Hours: Monday through Thursday, 11 a.m. to 3 a.m.; Friday and Saturday, 11 a.m. to 4 a.m.; Sundays, 2 p.m. to 1 a.m.

Atmosphere: A fancier Chicago original. Comfortable.

Price Range: Sandwiches from $3.55 to $3.95. Deep-dish pizza from $2.25 for an individual cheese to $11.45 for a large sausage pizza. Special combination pizza from $3.95 to $12.95.

Credit cards: Visa and MasterCard for purchases over $10.

Reservations: None, but large parties should call ahead.

Special features: High chairs and booster seats. Wheelchair entrance problems and tiered dining levels. The usual Georgetown parking procedures.

No amount of advertising was going to convince me. I've been lured by copies before; imitations do not always work. I hesitantly entered Uno's one Sunday evening, expecting things to be wrong. Yet this was the genuine number. Right in the middle of all the hoopla of Georgetown is the mainstay of Chicago: Pizzeria Uno.

Midwesterners longingly will remember their first visits to Uno's or its across-the-street sister, Due. They'll attest to the waits, the crowded, noisy ambience of eternal college life and the spirit of a good meal at reasonable prices.

The graffiti-decorated Chicago walls are missing, replaced with the trappings of middle-class respectability. There are a number of small rooms tastefully decorated with ceiling fans. There is a fine blend of glass, brass and brick.

This restaurant is part of an Uno's wave that is sweeping the country and fulfilling displaced Chicagoans' cravings.Except for a single soup or salad offering and a few sandwiches, the menu is filled with pizza.

Uno's definitely meets the needs of Washington. It is a perfect family restaurant where children know they are someplace special. The food and service are both first class. It also offers the perfect adult atmosphere, with its smattering of small tables.

To those who have just heard the term "Chicago pizza" bandied about or to others who have sampled it at Washington's attempted duplication spots, it is time to step out and learn your definitions.

First of all, there is the crust. Deep-dish or pan pizza does not mean thick, heavy crust. Rather there is a light, freshly baked dough that allows toppings to become part of the total product. One is not left with a heavy taste of starch. The crust complements the toppings and the two work together as a meal rather than as a heavy slice of dough with a condiment cover.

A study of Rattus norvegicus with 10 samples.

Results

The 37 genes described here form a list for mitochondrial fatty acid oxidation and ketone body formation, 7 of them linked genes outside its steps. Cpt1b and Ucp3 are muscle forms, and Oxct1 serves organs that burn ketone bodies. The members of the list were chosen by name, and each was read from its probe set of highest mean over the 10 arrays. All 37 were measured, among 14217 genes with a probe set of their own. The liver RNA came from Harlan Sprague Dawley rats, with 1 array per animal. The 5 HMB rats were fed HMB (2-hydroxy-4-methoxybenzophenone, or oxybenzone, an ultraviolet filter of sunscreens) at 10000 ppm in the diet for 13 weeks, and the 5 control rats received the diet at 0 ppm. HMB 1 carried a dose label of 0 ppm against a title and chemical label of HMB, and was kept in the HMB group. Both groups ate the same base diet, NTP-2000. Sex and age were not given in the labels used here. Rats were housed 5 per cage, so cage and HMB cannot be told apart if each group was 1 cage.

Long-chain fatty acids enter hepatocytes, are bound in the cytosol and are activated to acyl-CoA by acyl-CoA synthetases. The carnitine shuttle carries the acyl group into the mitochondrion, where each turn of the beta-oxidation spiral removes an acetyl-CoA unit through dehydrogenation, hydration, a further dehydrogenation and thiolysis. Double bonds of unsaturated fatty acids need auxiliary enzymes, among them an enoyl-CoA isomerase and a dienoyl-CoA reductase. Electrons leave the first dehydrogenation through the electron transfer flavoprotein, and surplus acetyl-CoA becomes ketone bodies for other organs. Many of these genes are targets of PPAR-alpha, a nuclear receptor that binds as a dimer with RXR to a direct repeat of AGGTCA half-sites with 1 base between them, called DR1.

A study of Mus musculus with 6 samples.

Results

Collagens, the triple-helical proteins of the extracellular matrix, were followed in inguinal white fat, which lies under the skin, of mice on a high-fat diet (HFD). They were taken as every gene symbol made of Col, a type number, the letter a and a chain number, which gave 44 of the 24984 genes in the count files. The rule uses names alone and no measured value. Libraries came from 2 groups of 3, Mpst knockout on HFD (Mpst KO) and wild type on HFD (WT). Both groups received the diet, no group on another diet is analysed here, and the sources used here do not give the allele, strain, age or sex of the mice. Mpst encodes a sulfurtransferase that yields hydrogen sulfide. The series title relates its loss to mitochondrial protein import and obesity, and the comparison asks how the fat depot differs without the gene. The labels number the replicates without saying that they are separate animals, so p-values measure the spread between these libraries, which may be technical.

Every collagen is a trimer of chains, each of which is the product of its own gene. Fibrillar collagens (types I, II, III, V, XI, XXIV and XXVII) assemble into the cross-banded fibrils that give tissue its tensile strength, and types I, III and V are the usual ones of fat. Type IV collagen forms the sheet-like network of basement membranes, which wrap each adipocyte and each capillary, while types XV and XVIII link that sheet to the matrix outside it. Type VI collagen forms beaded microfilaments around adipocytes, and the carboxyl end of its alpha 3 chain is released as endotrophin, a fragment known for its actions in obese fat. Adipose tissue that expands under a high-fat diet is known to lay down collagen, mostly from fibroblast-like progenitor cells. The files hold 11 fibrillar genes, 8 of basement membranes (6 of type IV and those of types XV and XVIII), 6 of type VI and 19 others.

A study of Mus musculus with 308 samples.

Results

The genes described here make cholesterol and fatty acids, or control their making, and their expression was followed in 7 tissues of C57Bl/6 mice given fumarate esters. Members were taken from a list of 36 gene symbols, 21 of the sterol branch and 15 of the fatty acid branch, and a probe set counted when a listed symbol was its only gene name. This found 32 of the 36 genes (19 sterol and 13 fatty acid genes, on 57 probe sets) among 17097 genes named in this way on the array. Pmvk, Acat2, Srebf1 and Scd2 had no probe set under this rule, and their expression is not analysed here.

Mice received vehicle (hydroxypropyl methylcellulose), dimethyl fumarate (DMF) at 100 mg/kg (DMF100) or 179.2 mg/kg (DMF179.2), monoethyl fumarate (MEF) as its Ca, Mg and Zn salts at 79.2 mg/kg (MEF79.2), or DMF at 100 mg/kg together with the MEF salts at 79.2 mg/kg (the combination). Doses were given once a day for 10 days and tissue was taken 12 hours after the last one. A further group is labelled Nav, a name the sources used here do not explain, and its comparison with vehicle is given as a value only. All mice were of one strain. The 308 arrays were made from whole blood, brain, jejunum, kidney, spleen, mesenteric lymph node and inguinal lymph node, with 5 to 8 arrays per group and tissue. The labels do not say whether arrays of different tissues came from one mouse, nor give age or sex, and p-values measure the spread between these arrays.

No matter which topping you request, you will be pleased that Uno's uses real tomatoes, not canned sauces or pastes. All the ingredients are fresh, and the sausage has the lingering flavor of Chicago products.

The greatest ordering caution one can offer is stated on Uno's menu: "Be careful when you order. Each Uno pizza is about twice the food content as the pizzas you are probably accustomed to." You are in for a real surprise if you consider the statement an exaggeration!

The single soup (Florence's soup, $1.60) is a wonderful minestrone with a light tomato touch and bite-sized pieces of vegetables, beans and potatoes. The waiter quickly keyed in on one child's longing glance and supplied an extra bowl and spoon.

Often when one eats out with children there is the nagging question, "May I have another soda?" After all, the kids see you refill your wine and beer glasses and the logic seems to transfer. Uno's offers a pitcher price ($3.75) with as many glasses as necessary. Three of us were able to quell the spice and pepperoni without fighting over refills.

Uno's also offers individual ($1.40) or table-size salads ($3.95). The latter is described as sufficient for 3 to 5 persons, and that borders on an understatement. The waiter tosses and serves the large bowl of greens with ample mushroom and cucumber slices, onions and cherry tomatoes. He applies a light touch of the oil and red wine vinegar dressing and puts you in charge of refills.

If you have exercised control, Uno's offers two desserts. Spumoni (95 cents) of pink -- not green -- orientation, or amaretto cheesecake ($1.50). The latter is a light cheesecake with a faint touch of amaretto.

Coffee drinkers have a choice of regular, expresso or cappuccino.

Another menu note: Uno's is prepared for those who want to take home a pizza -- just let them know how you want it prepared: fully baked and ready to eat, partially baked for home completion or partially baked and then frozen for a future winter night.

Midwestern prices, comfortable surroundings and quality foods will make Uno's a well-received best buy. The reception has already begun: as we were leaving, a line reminiscent of Chicago was winding up the steps. At this rate, Washington will be ready for Due's by spring.

Our total menu sampling of soup, salad, pizza, dessert, drinks and coffee came to $30.68 for four, including tax and tip -- and there was food enough for two more.

If this is nostalgia, let's have more.